With technology rapidly changing our economic, cultural and social realities, the question of how to prepare the younger, and even the current, generation for the fourth industrial revolution has been a pressing issue for contemporary higher education.
“How do we educate for the 4th Industrial Revolution? Are our education systems and programmes relevant to the Fourth industrial revolution? And if not, how do we reconstruct our education systems so that they are?” these were the sentiments shared during the Education Conversations Series on Tuesday, 24 July 2018, at UJ’s Soweto campus.
Facilitated by radio and television entrepreneur, Masechaba Ndlovu, the event unpacked how South Africa can prepare the education system for the fourth industrial revolution and contained presentations by Dr Andile Mtotywa, co-founder and Director of Alchemy Hub; Dr Caroline Long, Professor: Department of Childhood Education and Ms Sonqoba Maseko, Chief Operations Officer at Sifiso Learning Group.
“It is increasingly clear that the rapid development of technology has changed everyone’s economic, social and cultural status quo- which proves that 4.0 is a reality,” said Dr Mtotywa.
The 4th Industrial Revolution is said to be ushered in by advancements in robotics, virtual reality, cloud technology, big data, artificial intelligence, the internet of things and other technologies. It is characterised by the fusion of technologies and the blurring of the lines between the physical, digital and biological aspects of life.
Also speaking was Dr Caroline Long, pointing out that to prepare to take advantage of what 4.0 brings along, societies must redouble their efforts in educating the workforce of the future. “They can do this by addressing the need for continued and improved training in science, technology and mathematics subjects. It is these subjects that will lay the foundation of prosperity during the fourth industrial revolution.”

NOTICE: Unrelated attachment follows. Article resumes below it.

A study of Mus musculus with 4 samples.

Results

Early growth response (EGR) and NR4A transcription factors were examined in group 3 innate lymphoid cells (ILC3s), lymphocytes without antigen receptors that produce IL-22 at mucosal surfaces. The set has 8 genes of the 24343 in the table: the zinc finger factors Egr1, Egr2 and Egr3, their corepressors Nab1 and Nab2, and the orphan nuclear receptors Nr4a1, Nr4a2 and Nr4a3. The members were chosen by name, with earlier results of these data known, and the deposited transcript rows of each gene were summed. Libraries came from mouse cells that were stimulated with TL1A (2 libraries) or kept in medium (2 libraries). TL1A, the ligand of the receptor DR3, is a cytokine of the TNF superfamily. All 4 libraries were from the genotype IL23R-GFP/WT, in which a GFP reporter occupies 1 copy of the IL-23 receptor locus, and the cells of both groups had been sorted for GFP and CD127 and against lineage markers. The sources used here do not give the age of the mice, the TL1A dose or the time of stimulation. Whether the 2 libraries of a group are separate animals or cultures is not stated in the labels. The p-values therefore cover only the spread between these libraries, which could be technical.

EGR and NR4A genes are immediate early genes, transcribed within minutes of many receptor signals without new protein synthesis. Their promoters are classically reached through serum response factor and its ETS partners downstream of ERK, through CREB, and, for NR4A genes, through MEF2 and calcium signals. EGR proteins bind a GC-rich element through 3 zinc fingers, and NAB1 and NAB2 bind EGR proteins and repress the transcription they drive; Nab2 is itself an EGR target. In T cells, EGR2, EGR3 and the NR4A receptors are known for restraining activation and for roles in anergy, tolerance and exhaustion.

“Science and mathematics provide answers to so many of the fundamental questions of nature and enable citizens to gain a better understanding of the world around them,” explained Dr Long.
The last speaker, Sonqoba Maseko emphasised that the education sector needs to look at how classrooms are attempting to adapt to the 4th Industrial Revolution and the tools they are using or considering. “There is a need to focus on ICT and future technologies, teacher education and lifelong learning for an adaptable and flexible education system.”
The exciting Education Conversations continued zooming in on the connections and disconnections in the education value chain which will influence success during the 4th Industrial Revolution. The first instalment in April saw a passionate debate by UJ students and other members of the public, following presentations by National Education Collaboration Trust (NECT) CEO, Godwin Khosa, and Dr Jacqueline Bachelor from UJ. Many agreed that Africa should develop and lead its own context-specific revolution instead of blindly jumping onto the bandwagon.
The Education Conversations is an initiative by the Faculty of Education and Kagiso Trust aimed at encouraging the education stakeholders, especially our students, teachers and both ministries of education to talk and create space for debates and discussions through which diverse voices can be heard focusing on what works and how to collectively advance the agenda for an improved and performing public education system.